A legislative proposal floating around Raleigh this week would mean hundreds of millions of dollars in higher drug costs for every North Carolinian.
It would eliminate the ability of insurers and employers to negotiate lower prescription drug costs for people getting prescriptions from a 340B covered entity.
To help understand the basic concept, think of buying a ticket to a game for $50 and selling it for $100. The same thing is happening in North Carolina for lifesaving medications. Like flipping tickets, some of the biggest hospitals and pharmacies in North Carolina are “flipping” medications and pocketing the profit while you pay the price.
First, what’s the 340B program?
If you’ve never heard of the 340B program, you’re not alone.
It was created by the federal government in 1992 to help uninsured, vulnerable and low-income patients get medicine at an affordable cost.
Under the program, drug manufacturers and wholesalers are required to provide steep discounts to any “340B covered entity” purchasing their drug.
More than 50 hospitals in North Carolina qualify as covered entities, including many of the biggest and richest: Atrium Health, Novant, Vidant, Duke, UNC and WakeMed.
So, under the program, drug manufacturers are required to sell their products to these hospitals, and their contracted pharmacy, at a discount that ends up being around a 30 percent off the list price.
You’re probably thinking, “That’s great, 30 percent off my prescriptions!”
And if the program were working how it was intended, you’d be right. But it’s not.
Hospitals and national chain pharmacies are making massive profits by selling the discounted drugs at much higher prices.
The big idea behind the 340B program was that the hospitals and pharmacies would pass the steep discounts onto low income, uninsured patients to help them save on their prescription costs.
But instead, the hospitals and pharmacies are selling the drug at a far higher price and pocketing the profit.
The problem became so bad a few years ago that the United States Senate investigated.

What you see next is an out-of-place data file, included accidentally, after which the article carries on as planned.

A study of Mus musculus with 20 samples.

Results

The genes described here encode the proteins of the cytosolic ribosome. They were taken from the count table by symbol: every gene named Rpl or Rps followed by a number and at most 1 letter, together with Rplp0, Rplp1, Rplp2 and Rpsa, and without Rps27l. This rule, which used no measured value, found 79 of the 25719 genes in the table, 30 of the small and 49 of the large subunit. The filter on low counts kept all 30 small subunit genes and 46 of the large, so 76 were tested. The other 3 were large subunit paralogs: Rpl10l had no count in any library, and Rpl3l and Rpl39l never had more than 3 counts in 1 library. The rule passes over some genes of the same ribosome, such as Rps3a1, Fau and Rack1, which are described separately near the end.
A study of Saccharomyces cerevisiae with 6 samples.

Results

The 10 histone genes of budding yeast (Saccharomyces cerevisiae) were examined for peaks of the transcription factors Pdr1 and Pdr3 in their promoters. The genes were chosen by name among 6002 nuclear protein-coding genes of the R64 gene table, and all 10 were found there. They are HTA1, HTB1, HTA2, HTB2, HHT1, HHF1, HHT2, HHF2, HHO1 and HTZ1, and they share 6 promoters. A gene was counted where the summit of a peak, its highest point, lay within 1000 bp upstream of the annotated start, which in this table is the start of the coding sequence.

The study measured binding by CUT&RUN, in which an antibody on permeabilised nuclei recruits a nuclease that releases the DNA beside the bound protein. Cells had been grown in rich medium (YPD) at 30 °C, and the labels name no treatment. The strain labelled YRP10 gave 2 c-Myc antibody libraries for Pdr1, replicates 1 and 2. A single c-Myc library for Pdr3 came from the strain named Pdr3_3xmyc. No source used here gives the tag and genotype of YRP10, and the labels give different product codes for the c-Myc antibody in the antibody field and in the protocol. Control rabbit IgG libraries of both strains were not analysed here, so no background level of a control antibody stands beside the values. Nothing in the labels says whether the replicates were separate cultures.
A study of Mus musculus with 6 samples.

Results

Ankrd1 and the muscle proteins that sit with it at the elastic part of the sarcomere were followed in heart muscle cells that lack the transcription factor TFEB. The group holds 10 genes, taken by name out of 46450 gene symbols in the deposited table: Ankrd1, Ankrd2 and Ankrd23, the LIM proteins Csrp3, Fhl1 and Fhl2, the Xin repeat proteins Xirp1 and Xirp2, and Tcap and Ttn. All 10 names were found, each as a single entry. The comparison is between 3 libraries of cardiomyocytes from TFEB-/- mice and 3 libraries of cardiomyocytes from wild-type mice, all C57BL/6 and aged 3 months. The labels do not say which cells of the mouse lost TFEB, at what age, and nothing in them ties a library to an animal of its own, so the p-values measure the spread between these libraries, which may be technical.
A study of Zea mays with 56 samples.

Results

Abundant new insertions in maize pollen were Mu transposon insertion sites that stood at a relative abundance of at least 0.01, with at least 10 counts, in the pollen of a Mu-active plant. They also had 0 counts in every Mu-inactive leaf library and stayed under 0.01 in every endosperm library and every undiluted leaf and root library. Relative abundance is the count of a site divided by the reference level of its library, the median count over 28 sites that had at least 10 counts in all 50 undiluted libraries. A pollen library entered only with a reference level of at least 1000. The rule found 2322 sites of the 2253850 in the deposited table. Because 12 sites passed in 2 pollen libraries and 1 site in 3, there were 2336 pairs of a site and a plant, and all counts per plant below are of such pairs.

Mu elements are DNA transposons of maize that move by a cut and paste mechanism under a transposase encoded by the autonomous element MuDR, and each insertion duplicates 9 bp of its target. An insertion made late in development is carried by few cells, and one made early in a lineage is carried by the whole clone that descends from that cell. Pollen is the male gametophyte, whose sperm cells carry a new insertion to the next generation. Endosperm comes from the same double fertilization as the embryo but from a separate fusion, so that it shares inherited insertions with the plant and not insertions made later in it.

They found that in one year, Duke University Hospital purchased $65.8 million in drugs through the discount program. It turned around and sold the drugs to patients for $135.5 million. That’s a profit of $69.7 million.
National pharmacy chains are also winning big in the scheme.
In 2010, a federal policy change allowed covered entities like these big hospitals to contract with an unlimited number of for-profit retail pharmacies to dispense medicine.
A study by the Berkeley Research Group found that over half of the 340B profits retained by contract pharmacies are concentrated in just four pharmacy chains – Walgreens, Walmart, CVS Health and Cigna's Accredo specialty pharmacy.
It also discovered that the average profit margin on 340B medicines for these large contract pharmacies is an estimated 72 percent, far and away more than the 22 percent margin for non-340B medicines dispensed through independent pharmacies.
All told, 340B covered entities and their contract pharmacies generated an estimated $13 billion in gross profits on 340B purchased medicines in one year alone.
That’s $13 billion that was supposed to be passed onto consumers to help them save on medicine. Instead, it was pocketed by big hospital systems and national chain pharmacies.
NCGA proposal would make problem worse
If you think that is bad, a proposal floating around Raleigh would actually make matters far worse.
Right now, insurers and employers can negotiate lower prices on the drugs for consumers.
An oral chemotherapy cancer drug may typically cost $1,000 on average at pharmacies across the country.
Through the 340B program, a hospital may acquire that drug at a discounted rate of $700 as a covered entity and supply the drug to their contracted pharmacy for dispensing.
Then, knowing it’s a 340B drug, the insurer could negotiate a payment of $750 for the drug.
This means an insured cancer patient on a high deductible health plan would pay the negotiated $750 for their oral chemo drug.
The profit of $50 would be split between the pharmacy and the covered entity, with the pharmacy usually getting around 20 percent, or $10, and the hospital getting 80 percent or $40.
If this new proposal became law, it would eliminate the ability for the insurer to negotiate discount based on the drug’s 340b status.
Now, the patient on the high deductible health plan losses their $250 discount. Their prices go up, and the pharmacy and hospital get to split up $250 more in profit.
Essentially, this proposal allows big hospitals and chain pharmacies to acquire drugs at cut-rate prices, sell them at higher costs and divvy up the profits among themselves.
It would take what’s already a $13 billion a year profit-maker and put it into overdrive.
Profits would soar, patients would pay even more for their medicine, and everyone’s insurance premiums would go up.
And moreover, it would legalize the ability for these billion-dollar entities to further rip off a program that was designed to help poor, uninsured people afford their medicine.
This proposal should be rejected by any member of the legislature who is concerned about their constituents’ healthcare costs.